Eat local? How much more local can you get than your own living room?
I try to buy organic when I can (remember, at the store, the number on the sticker begins with “9”), but I do so with the knowledge that there’s no guarantee behind the “organic” sticker. We all know how lax the food safety inspection process is. If they can’t keep E. coli out of our spinach, how can we be certain they’re not going to let pesticides in? And what about the imported “organic” foods? What are the “organic” laws in Argentina? If only about 1% of all imported food is inspected, you know they’re not going to bother with garlic when there’s all that shrimp to look at.
This isn’t meant to be a prime-time news scare, “What you don’t know is in your fridge can kill you.” But it’s the plain truth. And it’s always made me want to have my own garden.
As an apartment dweller, I don’t have one of those…what do you call it…backyards, so I’ve never done anything more than the failed window-sill herb garden. Rosemary is the only herb I’ve been able to maintain. Oddly enough, whenever we’ve had rosemary growing in our place, Mädchen’s breath is much better-smelling. Hmmm.
A friend of ours recently set up an indoor shelf garden in his apartment, and I had to shamelessly steal his idea. His is 3 feet wide and he’s got a fluorescent fixture hanging from the ceiling. We can’t install anything like that, and I wanted to keep the shelf small, so I found a 2-foot-wide, 30-inch-tall, stackable shelving unit ($20 each) and some worklights and plant bulbs ($25 total). We’ve got a regular halogen desk lamp in there too, since plants seem to love it. I’ll probably take the clamp part off the worklights once we’re sure about the placement and just affix them to the shelf so it’s less clunky. And as our little sprouts need more legroom, the shelves will fill in and we’ll have to get a couple more lights for the guys on the bottom.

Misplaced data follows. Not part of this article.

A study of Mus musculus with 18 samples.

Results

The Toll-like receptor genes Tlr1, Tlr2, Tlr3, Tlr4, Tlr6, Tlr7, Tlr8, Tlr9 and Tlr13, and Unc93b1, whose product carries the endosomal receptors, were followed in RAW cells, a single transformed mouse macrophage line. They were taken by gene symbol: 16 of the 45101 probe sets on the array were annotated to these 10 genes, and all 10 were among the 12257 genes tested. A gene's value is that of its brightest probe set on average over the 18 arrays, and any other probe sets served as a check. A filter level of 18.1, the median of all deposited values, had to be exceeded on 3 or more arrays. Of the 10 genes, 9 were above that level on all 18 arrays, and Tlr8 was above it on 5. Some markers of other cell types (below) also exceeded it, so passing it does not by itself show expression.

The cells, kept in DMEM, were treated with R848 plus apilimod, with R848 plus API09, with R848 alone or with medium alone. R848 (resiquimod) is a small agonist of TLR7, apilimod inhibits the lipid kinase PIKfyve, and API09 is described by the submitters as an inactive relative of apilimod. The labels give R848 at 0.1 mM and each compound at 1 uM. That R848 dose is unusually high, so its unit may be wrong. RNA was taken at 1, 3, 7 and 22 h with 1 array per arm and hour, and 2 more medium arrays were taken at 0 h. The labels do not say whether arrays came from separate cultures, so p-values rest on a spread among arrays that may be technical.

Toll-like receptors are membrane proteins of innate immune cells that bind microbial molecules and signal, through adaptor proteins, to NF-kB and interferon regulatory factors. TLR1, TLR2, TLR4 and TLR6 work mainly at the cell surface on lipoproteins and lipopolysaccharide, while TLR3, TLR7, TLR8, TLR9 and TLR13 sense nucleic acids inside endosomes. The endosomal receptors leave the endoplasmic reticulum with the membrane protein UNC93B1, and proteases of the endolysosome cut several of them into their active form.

I did some searching online and got some pretty good indoor gardening information. You have to be careful with the soil—we used a mixture of potting soil, peat (and coconut), and perlite. You do need to fertilize and help pollenation along with a paintbrush, since you probably don’t have a bunch of critters flying around inside. Sounds doable.
We’ve got rosemary, catnip, cherry tomatoes, cayenne peppers, avocados, scallions (pictured up top), basil, and cilantro. All organic, some from seeds and some already started.
So here are some obligatory baby pictures! (Like any new parent, I promise more—we still haven’t seen any cilantro sprout action.)
These avocado babies came with us from L.A. I found a couple of the biggest Reed avocados ever. They were delicious and organic and locally grown, so I did the toothpick-truss-in-water trick with the pits and they both sprouted. They won’t be foodworthy for quite some time, but if the world doesn’t end too soon, maybe one day I’ll get my own Reed avocado from one of these guys.
Here’s one of the shortcut plants: long red cayenne. You can already see the little buds on it. Obviously, we wanted plants that we could use the vegetables from—we could probably have all our cayenne needs met by this fella.
This one is a Tiny Tim tomato. According to the little info stick, it’s a miniature plant (up to 2 feet tall) that produces 1-inch tomatoes. The stick also mentioned container growing and a window sill, so it sounds perfect. I don’t see a ton of tomatoes coming off this one, but it’s something. And I just think it’ll be terribly exciting to see little orange-red fruits in my periphery when I’m sitting on the couch. I wonder if Mädchen will want to bat at them. I would.
And finally, here’s a bunch of future basil plants. I think we’ll try to keep two of them. It won’t be enough to have pesto all the time, but for normal pizza- and pasta-topping purposes, this should do.